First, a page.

The DIA case was, for the Foundation, just that: a case.  If you look at our mission and vision statements (which are based on our values system), we exist because avenues of recourse within our government, especially the military’s office of the Inspector General, simply don’t work.  Let us digress to another fighter pilot story (we love talking about ourselves (and shooting our watches) after all!)…


In tactical aviation, we spend far more time planning, briefing and debriefing than we do flying an actual mission.  If I were flying a local tactical sortie, I’d typically spend about two to three hours planning, an hour briefing, about an hour and a half airborne, and then anywhere from thirty minutes to four or five hours debriefing, depending on the complexity of the mission (and how poorly the upgradee performed ;-).  During the debrief, the technique was to first identify some big-picture takeaways, like “Why did #2 die on the initial ingress?” (#2 was typically the youngest and seemed to oftentimes be the one to eat it.)  These questions were termed “Debrief Focus Points”, or “DFPs.”  The flight lead would begin the debrief by jotting a few of them down – they were major events in the mission that the formation needed to focus on during the debrief with the intent to learn and improve.  The aim of the DFP was to identify the string of events, or factors, that were causal, then identify the fix.  We typically did this by asking “why?” as many times as we could until we could no longer answer the question.  In our example where the wingman dies (simulated dies, of course!), it could have gone something like this:


“Why did #2 die on the ingress?” : His defensive systems were not set up correctly.


“Why were #2’s systems not setup correctly?” : He was behind on setting all his systems up because he was late getting to the jet and was rushed.


“Why was #2 late to the jet?: Because the flight lead’s briefing went 10 minutes long.


And there’s the root cause: #2 died because of something that happened 2 hours before the formation even took off: the briefing went long and jammed him, resulting in him missing things on his checklist.


The purpose of a good Root Cause Analysis (RCA) is to try and identify systemic issues and the associated remedies.  Too often, these analyses stop after the first “why?”.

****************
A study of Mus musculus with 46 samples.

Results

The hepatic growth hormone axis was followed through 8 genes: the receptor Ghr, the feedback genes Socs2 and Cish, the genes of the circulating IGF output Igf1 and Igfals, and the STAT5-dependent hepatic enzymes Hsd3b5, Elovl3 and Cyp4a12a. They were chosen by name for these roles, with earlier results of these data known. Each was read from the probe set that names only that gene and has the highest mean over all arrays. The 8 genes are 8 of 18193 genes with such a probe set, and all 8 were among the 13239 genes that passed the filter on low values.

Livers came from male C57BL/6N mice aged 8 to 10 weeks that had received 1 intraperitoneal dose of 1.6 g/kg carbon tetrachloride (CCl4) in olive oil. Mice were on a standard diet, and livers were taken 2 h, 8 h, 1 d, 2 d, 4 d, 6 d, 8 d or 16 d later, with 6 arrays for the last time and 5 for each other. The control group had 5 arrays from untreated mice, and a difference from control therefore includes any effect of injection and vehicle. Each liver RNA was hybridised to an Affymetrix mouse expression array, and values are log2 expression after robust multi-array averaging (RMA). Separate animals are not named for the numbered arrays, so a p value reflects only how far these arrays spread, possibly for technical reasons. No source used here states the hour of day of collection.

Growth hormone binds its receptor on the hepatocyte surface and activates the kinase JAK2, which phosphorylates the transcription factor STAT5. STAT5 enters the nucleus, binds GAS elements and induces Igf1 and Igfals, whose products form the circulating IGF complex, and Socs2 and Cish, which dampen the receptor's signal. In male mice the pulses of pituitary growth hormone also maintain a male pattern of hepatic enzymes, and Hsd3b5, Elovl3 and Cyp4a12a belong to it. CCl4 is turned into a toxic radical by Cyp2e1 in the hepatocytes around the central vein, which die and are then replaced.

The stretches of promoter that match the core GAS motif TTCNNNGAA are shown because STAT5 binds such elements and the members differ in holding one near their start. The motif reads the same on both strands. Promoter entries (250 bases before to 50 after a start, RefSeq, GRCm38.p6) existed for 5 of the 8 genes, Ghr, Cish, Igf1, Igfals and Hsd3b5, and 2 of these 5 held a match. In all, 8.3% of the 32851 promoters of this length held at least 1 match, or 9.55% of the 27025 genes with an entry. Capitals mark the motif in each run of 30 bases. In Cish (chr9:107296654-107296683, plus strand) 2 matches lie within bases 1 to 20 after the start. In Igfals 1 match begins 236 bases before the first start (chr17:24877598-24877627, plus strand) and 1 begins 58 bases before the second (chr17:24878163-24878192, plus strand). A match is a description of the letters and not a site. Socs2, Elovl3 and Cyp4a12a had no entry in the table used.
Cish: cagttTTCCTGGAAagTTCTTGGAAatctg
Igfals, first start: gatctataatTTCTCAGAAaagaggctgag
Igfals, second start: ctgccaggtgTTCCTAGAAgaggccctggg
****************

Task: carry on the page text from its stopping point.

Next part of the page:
Why did #2 die?  Because he’s just not a good pilot.  The fix: stop sucking, 2! 


(But we know now, after our thorough analysis, that it was actually the flight lead who got him (simulated) killed!).  And we may have been able to back that analysis up one step further, perhaps the briefing time set by squadron policy didn’t allow the flight lead enough time to brief.  With that, you can make an organizational-level fix…now, we’re getting somewhere!  


The point of this segment is twofold: first, although we are oftentimes tempted to, in order to identify a root cause, you have to dig a little and invest a little critical thought.  Secondly, you can’t address a problem and come up with solutions until you’ve done your homework in step 1.  As humans, we like to check boxes.  We like easy answers and quick solutions.  A supervisor is harassing a subordinate?  Reprimand the offender.  Problem solved, begin hand-wringing!  The questions though, remain: what was the root cause of that harassment, and, most importantly, what have you done to prevent the next event from happening?


Let’s look at the DIA case as if we were in fighter pilots in “the vault”:

DFP: This former attaché (labeled “a disgruntled former employee” and liar by DIA leadership by the way) is going to the press and reporting all this stuff about DIA.


Let’s begin the debrief!


“Why is this Sweazey yahoo getting up in front of the national media and ranting about all the crap going on in DIA?” → Because he reported the issues to the Director DIA and nothing happened.


“Why did he go to the Director of DIA?” → Because he had reported the issues to the Director of the DAS and nothing happened.


“Why did he go to the Director of the DAS?” → Because he reported wrongdoing to his chain of command and was punished for it.


“Why was he punished for reporting issues to the chain of the command?” → Because that’s what they do in DIA.


“Why do they punish people who report wrongdoings?” → Because they can.

Translated: there is no one policing the police.  Who should be doing that? The office of the Inspector General.  Who isn’t doing it? The office of the Inspector General.


Root cause analysis, in full: If the DIA’s (and military’s) avenues of recourse functioned properly, they would have deterred, prevented and/or corrected past and present reprisal cases and averted the DIA scandal which is now ongoing.


At the end of fighter debriefs, we would offer up what we labeled “Instructional Fixes.”  They needed to satisfy two requirements: 1) they addressed the root cause(s) and 2) they were able to be implemented and repeated.  Returning back to our root cause: why could the DIA cabal operate with impunity?  Because the alleged “watchdog” of the Agency (the IG) was asleep on the job, consistently allowing it to happen.


Instructional fix: Repair the Department of Defense IG system.


And now you know why this Foundation exists.